When I first read the press release for THE SUMMER HOUSE, I was immediately intrigued.  The plot sounded like it could have been pulled from today’s news headlines, and it immediately piqued my interest.  Unfortunately, the execution of the plot in the film does not play out as well as it does on paper.  The resulting film is a lackluster piece of jumbled ideas and mixed messages.  In short, THE SUMMER HOUSE is a bit of a letdown for me.

If you are not familiar with THE SUMMER HOUSE, here is the plot synopsis courtesy of Artsploitation Films:


The disappointment with this film does not start immediately.  In fact, around the halfway point is when my frown started.  Prior to that, the film was faring decently…not perfect, but entertaining nonetheless.  However, when the disappointment starts, it never stops.

THE SUMMER HOUSE is shot well, but that is not enough to save it.  The film has too many flaws, both in regard to character and plot, and the concept behind the narrative never truly comes into fruition.  As such, there are many dramatic things happening between the characters, however no explanation is ever given as to why.

For example, early in the film, Markus and his wife, Christine, have dinner with a colleague and his girlfriend.  The group chats for a few moments…and then an orgy ensues.  Moments later, we see Markus having sex with his wife…only to stop in anger and angst, and storm off.  There’s no mention of why they are ‘swingers’ or what this has to do with the story.  The same can be said with Markus’s inability to finish sex with his wife.

Then there is the relationship between Christine and their daughter, Elisabeth.  We are led to believe early on that they have a tight-knit mother/daughter bond.  But halfway through the film, Elisabeth uses lipstick to write the word ‘WHORE’ on her mother’s mirror.  Why??  When Christine sees the word, she becomes distraught and wipes it off…yet she never says anything.  The lack of development here is very confusing all the way around.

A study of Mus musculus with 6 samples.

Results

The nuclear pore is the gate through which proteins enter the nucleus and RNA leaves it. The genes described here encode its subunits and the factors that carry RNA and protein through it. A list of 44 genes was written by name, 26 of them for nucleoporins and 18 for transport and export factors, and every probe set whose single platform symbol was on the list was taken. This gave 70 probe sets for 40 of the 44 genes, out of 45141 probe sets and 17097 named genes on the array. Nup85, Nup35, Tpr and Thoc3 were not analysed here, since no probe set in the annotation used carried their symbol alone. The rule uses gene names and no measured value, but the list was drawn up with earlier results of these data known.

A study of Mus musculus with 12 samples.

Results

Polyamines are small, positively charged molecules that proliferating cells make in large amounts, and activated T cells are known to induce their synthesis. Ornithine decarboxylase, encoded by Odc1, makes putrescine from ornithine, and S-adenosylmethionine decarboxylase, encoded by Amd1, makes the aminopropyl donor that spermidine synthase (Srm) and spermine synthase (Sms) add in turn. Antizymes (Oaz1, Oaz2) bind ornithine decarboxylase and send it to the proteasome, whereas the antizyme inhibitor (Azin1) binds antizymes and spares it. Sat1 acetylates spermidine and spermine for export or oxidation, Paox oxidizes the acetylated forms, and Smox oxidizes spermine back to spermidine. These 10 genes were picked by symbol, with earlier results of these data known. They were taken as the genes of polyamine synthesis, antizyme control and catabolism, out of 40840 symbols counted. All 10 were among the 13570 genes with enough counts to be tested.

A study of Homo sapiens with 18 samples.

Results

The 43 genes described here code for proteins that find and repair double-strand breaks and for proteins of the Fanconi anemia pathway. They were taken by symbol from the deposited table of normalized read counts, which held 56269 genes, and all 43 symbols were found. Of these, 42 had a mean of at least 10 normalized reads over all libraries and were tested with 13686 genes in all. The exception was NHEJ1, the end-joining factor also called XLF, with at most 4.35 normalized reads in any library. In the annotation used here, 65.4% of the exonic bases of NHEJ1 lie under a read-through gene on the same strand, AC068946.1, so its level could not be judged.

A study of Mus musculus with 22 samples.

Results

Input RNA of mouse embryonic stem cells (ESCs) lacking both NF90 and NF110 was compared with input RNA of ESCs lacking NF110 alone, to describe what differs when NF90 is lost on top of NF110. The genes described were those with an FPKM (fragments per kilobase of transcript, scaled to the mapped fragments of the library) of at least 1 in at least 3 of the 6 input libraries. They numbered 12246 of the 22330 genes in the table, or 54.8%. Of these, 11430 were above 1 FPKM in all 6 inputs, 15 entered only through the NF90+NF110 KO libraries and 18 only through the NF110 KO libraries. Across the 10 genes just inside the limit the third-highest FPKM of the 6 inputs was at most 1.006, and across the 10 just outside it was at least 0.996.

Finally, a peculiar scene later on in THE SUMMER HOUSE pretty much puts the nail in the coffin for me on this film.  Christine is upset about Markus’ distant feelings for her.  So, she makes a noose that hangs down in the path of front door, gets a chair, stands on it, and loops her head through it.  When Elisabeth asks what she’s doing, Christine says “Just playing a game, sweetie.”  A moment later, Markus opens the door and sees Christine.  She threatens to step off the chair if Markus comes in the house, so he turns around and leaves.  After he’s gone, Christine undoes the noose…and then goes on like nothing happened.

These examples are just a few of the curious and weird aspects of this film.  Granted, the primary storyline is pretty interesting (and I like how the end plays out), but neither of those positives are enough to save THE SUMMER HOUSE, either.  

As such, I cannot recommend THE SUMMER HOUSE.  It is too confusing and too jumbled to follow for my tastes.  The film is available now, however, if you decide to take a look.

The Summer House

The Summer House

Release Date: Aug 25, 2015

Genre: Drama

starring: Sten Jacobs, Anna Altmann, Nina Spletstoßer, Jaspar Fuld

Synopsis: A haunting portrait of a well-established German family living on the outskirts of Berlin in their ideal world, but are slowly shaken by external influences.

Written by
Matthew Baker
Writer

Matthew Baker is a horror and science-fiction buff who reviews movies and books on his website, Shattered Ravings (www.matthewscottbaker.com/blog). He lives in Northwest Arkansas, an area that is (in his opinion) the best place to be during the zombie apocalypse, should it occur. He is a trophy-husband and a stay-at-home dad. In his spare time, Matthew writes fiction and makes short films.